The exact date of Leonard Bernstein’s 100th birthday was celebrated all over the world on Aug. 25; even Google got into the act with a marvelous Google Doodle cartoon. The Los Angeles Philharmonic, however, had other plans. The orchestra did its big, all-Bernstein salute at the Hollywood Bowl on July 10, and when the milestone date arrived, the schedule had the orchestra busy playing Tchaikovsky.
But there was one more significant Bernstein commemoration to come at the Bowl, and that occurred better late than never on Tuesday night when Karina Canellakis came to conduct, and Jean-Yves Thibaudet came to play, Bernstein’s Symphony No. 2 (1949) whose subtitle is “The Age of Anxiety.”
It was worth the wait.
The piece is a meditation on W.H. Auden’s book-length poem of the same name, although some of its ingredients were raided — Bernstein’s lifelong habit — from earlier songs, sketches and such. It’s really a de facto piano concerto, divided into sections whose titles mirror those in the Auden poem. It’s also a self-portrait of Bernstein himself, concerned with what he perceived as the crisis of faith in the 20th century, always eager to make a grandiose statement. And yes, the Bernstein who loved to party is here too, in the great super-jazzy scherzo, “The Masque,” which was often played on its own by an early advocate, composer and pianist Lukas Foss.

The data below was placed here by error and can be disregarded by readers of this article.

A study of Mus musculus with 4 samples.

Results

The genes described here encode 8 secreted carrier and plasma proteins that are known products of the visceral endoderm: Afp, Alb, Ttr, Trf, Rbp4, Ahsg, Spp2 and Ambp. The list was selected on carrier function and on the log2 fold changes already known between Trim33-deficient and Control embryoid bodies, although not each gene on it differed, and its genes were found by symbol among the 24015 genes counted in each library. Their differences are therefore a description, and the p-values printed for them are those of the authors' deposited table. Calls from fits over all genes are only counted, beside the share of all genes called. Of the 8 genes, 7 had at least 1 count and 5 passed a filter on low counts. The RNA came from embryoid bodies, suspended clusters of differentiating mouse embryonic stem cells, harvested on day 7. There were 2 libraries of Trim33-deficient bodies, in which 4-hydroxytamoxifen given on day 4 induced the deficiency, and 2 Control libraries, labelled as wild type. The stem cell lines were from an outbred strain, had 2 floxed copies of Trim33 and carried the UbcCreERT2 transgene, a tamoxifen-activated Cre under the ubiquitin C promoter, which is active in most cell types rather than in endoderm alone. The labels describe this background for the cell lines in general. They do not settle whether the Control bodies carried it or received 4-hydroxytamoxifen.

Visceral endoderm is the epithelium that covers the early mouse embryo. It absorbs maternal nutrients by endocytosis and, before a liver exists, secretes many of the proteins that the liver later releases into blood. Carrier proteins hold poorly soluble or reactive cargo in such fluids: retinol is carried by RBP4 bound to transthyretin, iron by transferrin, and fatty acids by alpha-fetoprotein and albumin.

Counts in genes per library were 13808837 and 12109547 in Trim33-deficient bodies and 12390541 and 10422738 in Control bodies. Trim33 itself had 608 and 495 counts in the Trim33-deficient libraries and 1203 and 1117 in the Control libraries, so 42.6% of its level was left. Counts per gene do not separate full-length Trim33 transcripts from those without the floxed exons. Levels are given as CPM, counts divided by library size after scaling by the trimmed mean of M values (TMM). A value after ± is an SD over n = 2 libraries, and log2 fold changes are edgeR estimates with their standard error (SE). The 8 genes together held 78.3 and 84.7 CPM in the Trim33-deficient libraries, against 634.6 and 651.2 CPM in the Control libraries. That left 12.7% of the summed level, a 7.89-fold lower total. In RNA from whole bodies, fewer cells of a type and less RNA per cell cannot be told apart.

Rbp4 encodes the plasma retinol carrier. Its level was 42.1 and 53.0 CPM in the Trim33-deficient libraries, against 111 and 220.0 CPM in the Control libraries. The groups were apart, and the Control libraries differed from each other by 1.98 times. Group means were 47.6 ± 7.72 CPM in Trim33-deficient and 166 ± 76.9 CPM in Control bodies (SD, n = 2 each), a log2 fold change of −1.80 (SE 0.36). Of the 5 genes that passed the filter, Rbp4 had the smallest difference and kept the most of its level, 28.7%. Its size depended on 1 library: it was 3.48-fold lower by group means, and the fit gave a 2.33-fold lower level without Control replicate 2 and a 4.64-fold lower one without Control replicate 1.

Bernstein set a very high bar for future performers, leaving at least six released recordings of the symphony — four on audio, two on video — for them to chew on. Canellakis leaped over that bar with an electrifying performance, establishing the brooding mood early on, heating up the momentum in “The Seven Stages” section, keeping the rhythms sharp, bringing the Epilogue to a grand, satisfying close. Thibaudet, an old hand at “The Age of Anxiety,” handled the piano parts with rhapsodic freedom and a sure rhythmic hand; only in “The Masque” were there some odd highlightings of certain lines that disrupted the swing a bit.
It will be interesting to see which of Bernstein’s once-underrated concert works will remain in the repertoire permanently after the centennial is over and done with. But a performance like this makes the case that “The Age of Anxiety” will be one of them.
Unlike Canellakis’ Bowl debut in a safe, all-Mendelssohn program last summer, “The Age of Anxiety” was a bold choice, as the old amphitheater isn’t quite used to the dissonances — some derived from the 12-tone method — that the young Bernstein was experimenting with. There was more enterprise at the outset with “A Short Piece for Orchestra” by the prolific yet unheralded African American composer Julia Perry (1924-79), which starts out sassily and vacillates between contemplation and energetic high jinks in the mid-20th-century American neoclassical idiom.